This number has the potential to grow through the incubator’s Accelerator Program, which allows aspiring entrepreneurs from Binghamton University and the community to receive guidance getting their new businesses off the ground.

The Accelerator Program is a three-monthlong program designed to help those interested in launching their own companies — first, to assess the marketability of their products, and eventually to launch their businesses. If, after assessing the logistics of the concept using a business model canvas template, it is determined to be viable, graduates of the Accelerator Program can rent office space at the incubator for a discounted rate.

Dan Mori, director of business incubation at the incubator, said he wants students to believe entrepreneurial success is possible while still in school.

“A lot of times there’s this stigma that [BU] is this great school, and you can come here and get a great education and then you’ll be able to take that knowledge and education somewhere else,” Mori said. “The reality is that you can do a lot right here.”

Both members of the incubator and the Accelerator Program have access to a growing network of mentors and affiliated companies. According to Aubrey Nawrocki, business development assistant at the incubator, the large, open co-working space is designed to facilitate collaboration between companies.

“Anybody that needs help with something, we’ve got somebody that can help them,” Nawrocki said.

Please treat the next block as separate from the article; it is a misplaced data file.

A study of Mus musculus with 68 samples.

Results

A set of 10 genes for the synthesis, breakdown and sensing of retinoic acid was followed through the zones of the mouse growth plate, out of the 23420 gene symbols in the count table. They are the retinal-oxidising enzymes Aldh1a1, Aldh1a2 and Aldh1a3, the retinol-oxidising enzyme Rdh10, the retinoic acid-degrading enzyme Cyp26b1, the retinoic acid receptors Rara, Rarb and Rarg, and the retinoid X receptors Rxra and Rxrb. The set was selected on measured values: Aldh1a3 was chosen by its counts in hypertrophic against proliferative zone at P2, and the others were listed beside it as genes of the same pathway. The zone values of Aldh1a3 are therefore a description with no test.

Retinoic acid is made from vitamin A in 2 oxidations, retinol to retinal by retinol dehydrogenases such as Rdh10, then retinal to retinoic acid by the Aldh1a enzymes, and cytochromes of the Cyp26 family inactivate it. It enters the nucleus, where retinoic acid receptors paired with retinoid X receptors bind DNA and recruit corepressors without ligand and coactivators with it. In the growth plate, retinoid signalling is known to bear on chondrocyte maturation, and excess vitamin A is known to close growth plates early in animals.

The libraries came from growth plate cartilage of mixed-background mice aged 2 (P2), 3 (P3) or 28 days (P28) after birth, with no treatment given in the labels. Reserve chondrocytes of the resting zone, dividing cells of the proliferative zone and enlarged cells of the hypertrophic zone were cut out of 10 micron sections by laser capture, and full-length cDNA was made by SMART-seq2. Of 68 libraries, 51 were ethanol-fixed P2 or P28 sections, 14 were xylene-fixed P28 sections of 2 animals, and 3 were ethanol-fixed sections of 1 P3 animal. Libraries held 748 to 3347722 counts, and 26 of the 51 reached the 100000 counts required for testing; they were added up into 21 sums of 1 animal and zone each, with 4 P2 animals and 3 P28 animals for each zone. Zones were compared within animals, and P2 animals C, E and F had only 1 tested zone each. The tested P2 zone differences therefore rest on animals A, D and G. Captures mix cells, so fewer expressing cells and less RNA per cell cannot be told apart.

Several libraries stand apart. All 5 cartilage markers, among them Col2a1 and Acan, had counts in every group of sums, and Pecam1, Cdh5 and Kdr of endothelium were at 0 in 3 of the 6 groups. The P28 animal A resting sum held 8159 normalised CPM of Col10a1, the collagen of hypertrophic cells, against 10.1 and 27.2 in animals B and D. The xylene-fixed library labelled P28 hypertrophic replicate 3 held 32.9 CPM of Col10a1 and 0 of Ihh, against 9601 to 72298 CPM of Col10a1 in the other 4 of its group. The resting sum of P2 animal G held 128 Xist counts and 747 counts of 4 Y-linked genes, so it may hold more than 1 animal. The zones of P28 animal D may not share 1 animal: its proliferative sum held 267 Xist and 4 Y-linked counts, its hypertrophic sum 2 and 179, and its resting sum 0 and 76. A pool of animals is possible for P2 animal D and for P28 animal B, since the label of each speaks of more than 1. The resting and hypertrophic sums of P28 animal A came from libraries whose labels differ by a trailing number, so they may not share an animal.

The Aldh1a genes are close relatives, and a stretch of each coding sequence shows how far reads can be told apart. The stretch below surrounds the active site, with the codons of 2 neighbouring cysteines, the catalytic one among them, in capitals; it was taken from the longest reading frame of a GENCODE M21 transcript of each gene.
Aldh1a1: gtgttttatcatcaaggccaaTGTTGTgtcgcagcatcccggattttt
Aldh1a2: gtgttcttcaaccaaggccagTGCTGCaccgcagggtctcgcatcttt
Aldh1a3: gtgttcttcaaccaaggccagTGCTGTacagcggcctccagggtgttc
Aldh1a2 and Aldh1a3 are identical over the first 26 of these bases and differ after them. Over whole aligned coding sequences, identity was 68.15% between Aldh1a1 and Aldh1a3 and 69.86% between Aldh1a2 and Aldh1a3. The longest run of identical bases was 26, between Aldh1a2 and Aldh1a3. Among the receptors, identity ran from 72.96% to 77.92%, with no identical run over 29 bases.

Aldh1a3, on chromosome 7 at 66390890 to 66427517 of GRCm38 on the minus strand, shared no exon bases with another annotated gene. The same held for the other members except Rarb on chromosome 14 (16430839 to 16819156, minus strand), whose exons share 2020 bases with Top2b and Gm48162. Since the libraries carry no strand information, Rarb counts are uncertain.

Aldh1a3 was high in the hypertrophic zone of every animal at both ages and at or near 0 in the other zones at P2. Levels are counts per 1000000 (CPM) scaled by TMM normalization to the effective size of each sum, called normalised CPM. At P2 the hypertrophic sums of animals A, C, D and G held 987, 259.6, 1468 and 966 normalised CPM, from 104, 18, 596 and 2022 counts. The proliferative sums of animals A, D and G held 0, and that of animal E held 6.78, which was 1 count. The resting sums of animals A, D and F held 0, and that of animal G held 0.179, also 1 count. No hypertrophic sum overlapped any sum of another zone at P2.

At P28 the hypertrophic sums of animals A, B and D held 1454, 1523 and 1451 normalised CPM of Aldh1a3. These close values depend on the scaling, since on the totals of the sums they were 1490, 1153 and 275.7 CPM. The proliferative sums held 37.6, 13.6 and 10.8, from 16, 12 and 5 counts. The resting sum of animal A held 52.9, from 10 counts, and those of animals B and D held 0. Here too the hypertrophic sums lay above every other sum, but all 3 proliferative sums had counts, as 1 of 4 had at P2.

Applications are currently being reviewed for the Accelerator Program’s second cohort, which will begin in January and accept around four new companies. Accepting a small number of applications will provide a more personalized education and mentorship to companies, Nawrocki said.

“The smaller the classroom, the more one-on-one focus we can have with them,” Nawrocki said.

Elan Zebaida, a senior majoring in finance, and Steven Popovich, a first-year graduate student studying business administration, launched their company, Think Tank Strategies Corp., through the Accelerator Program. The company is set to graduate from the program in late December.

Zebaida said the mentorship the program offers has been instrumental to the success of their venture. He said the feedback from more experienced entrepreneurs is particularly valuable.

“We were able to avoid a lot of the pitfalls that people often fall into because [the mentors] know the mistakes that people usually make,” Zebaida said. “We’re doing things properly and doing it the right way.”

Another beneficial aspect of the program, Popovich said, is the friendly, collaborative atmosphere co-working environments encourage.

“Even if it’s something that’s going to take up their time, or it’s out of their way, if you ask for help on a task that you might not be well-versed in and that person is, they’ll come help you out,” he said.

The University offers a two-semester seminar course sequence for students interested in entrepreneurship, the New Venture Accelerator Program. The program consists of three courses designed to educate students about ideation, product management and the logistics of starting a new business.

While the program is not directly connected to the incubator at this time, Kenneth McLeod, the entrepreneur in residence in BU’s Entrepreneurship and Innovation Partnerships office and professor of two of the seminars, expressed hope that the two will be linked in the future.

“We very much want the incubator and our accelerator program to be closely linked, but the incubator just opened a couple of months ago, so we have not had time to fully integrate these two programs,” McLeod wrote in an email.